Friday, January 18, 2013

Woman Closest to the Soil

Hmm....that's the way I was introduced to a potential job candidate today.  I couldn't help myself;  I glanced at my fingernails, just to check there wasn't a pound of garden under there.  (They were clean, thank you.) 

In a similar ah-ha moment about me and my life, I checked my Diigo profile and found that I have bookmarked an eclectic mix of articles as evidenced by my tags: sustainability, reading, local, food, bias, Hawaii, transcendentalism, technology, education, pearltree, canning, agricultural, broody, hen, poetry, writing, research.  I wondered what the thousands of people enrolled in the same MOOC I am starting next week would think of my profile should they stumble across it.  The MOOC is taking place on Google +, Facebook, Twitter, Diigo, Pearltree, and various other platforms and, as I said, there are thousands of other participants, so I doubt many will stumble across me, but I am sure I rank up there with the most mixed-up life. 

It's an odd thing to be so immersed in technology at school, so involved with the kids and their learning and the amazing products being produced from that learning, and then to come home to a place where I am trying to learn how to do things in the most basic way possible - to learn how to garden without chemicals, to be involved in the raising of animals, birth, death, and all the in between, to produce my own food from as close to scratch as I can.  To learn things I think that maybe my grandmothers were pretty happy to leave behind, in a lot of ways.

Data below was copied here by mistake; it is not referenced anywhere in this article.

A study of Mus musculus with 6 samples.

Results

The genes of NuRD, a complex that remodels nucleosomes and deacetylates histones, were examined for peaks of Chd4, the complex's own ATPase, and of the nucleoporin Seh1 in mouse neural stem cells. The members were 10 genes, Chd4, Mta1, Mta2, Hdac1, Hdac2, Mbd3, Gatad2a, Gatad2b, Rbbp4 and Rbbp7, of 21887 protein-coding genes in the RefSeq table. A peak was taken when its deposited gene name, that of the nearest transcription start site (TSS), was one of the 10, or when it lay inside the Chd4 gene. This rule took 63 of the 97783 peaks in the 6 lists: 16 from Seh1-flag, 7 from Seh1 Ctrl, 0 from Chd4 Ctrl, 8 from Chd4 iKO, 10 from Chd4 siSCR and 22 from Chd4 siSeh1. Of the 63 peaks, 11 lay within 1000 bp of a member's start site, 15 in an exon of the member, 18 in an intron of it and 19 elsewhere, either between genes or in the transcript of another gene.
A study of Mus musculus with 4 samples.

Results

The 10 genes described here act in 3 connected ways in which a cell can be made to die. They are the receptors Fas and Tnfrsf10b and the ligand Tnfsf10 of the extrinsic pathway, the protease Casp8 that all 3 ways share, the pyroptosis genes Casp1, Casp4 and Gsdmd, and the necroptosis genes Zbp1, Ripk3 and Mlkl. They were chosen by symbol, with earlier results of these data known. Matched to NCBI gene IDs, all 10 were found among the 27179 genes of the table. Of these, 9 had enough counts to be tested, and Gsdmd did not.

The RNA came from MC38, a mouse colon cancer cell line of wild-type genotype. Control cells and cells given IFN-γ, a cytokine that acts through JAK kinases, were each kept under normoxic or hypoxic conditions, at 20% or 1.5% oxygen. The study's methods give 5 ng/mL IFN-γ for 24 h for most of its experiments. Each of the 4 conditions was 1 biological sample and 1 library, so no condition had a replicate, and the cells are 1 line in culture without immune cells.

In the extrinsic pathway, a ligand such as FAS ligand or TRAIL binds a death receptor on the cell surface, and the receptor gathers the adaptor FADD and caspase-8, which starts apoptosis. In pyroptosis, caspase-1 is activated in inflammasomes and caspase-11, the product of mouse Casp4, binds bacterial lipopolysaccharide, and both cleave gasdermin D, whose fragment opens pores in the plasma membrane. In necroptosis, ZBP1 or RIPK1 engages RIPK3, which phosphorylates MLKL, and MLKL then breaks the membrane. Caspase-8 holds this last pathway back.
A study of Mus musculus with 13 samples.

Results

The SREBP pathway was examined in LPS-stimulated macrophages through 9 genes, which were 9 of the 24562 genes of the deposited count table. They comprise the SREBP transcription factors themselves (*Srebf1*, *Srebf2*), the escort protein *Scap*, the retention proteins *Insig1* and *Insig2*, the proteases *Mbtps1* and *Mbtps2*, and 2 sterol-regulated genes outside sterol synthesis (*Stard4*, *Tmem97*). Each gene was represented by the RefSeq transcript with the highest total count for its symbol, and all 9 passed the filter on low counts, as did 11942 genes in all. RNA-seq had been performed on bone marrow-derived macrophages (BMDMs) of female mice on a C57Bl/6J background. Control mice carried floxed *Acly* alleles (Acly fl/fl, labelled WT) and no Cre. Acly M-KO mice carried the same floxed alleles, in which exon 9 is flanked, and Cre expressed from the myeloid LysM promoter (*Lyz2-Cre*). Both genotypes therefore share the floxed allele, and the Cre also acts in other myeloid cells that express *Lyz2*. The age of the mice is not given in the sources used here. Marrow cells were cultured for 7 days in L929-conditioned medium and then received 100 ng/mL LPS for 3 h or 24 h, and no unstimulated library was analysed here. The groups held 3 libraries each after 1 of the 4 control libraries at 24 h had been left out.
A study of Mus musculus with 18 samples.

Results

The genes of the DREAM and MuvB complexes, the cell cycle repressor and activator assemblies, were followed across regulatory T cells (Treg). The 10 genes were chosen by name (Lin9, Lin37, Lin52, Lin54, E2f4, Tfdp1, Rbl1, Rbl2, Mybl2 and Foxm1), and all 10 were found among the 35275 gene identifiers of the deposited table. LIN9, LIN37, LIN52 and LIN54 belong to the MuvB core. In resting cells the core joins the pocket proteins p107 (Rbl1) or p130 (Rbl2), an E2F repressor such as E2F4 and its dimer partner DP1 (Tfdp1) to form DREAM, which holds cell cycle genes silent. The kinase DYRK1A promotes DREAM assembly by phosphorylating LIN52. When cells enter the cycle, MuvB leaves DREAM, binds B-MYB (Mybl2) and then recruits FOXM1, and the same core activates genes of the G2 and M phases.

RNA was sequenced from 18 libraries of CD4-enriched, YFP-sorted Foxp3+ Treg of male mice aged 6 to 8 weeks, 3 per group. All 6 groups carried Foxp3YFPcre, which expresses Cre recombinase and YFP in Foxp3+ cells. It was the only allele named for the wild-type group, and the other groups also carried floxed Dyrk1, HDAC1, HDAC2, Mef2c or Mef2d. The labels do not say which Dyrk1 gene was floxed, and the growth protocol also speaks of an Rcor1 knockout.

Sometimes it feels like a good thing to be able to switch roles like that - when I am at work, I am really at work.  I focus very hard on what I need to get done and, especially, on the kids.  I work through lunch, lots of times, because I know that papers, even if they should come home with me, aren't going to be looked at unless it is an emergency.  When I am at home, I am really at home.  I focus on the things that need to get done there - baking for the week, the animal care, the greenhouse and the garden and, definitely not least though last, my family.  Since I spend more waking hours at school, I feel less behind there, more accomplished, but I love being home, too.  I just wish I could get that lovely accomplished feeling around the farm, too, instead of always feeling like there is so much more I could do.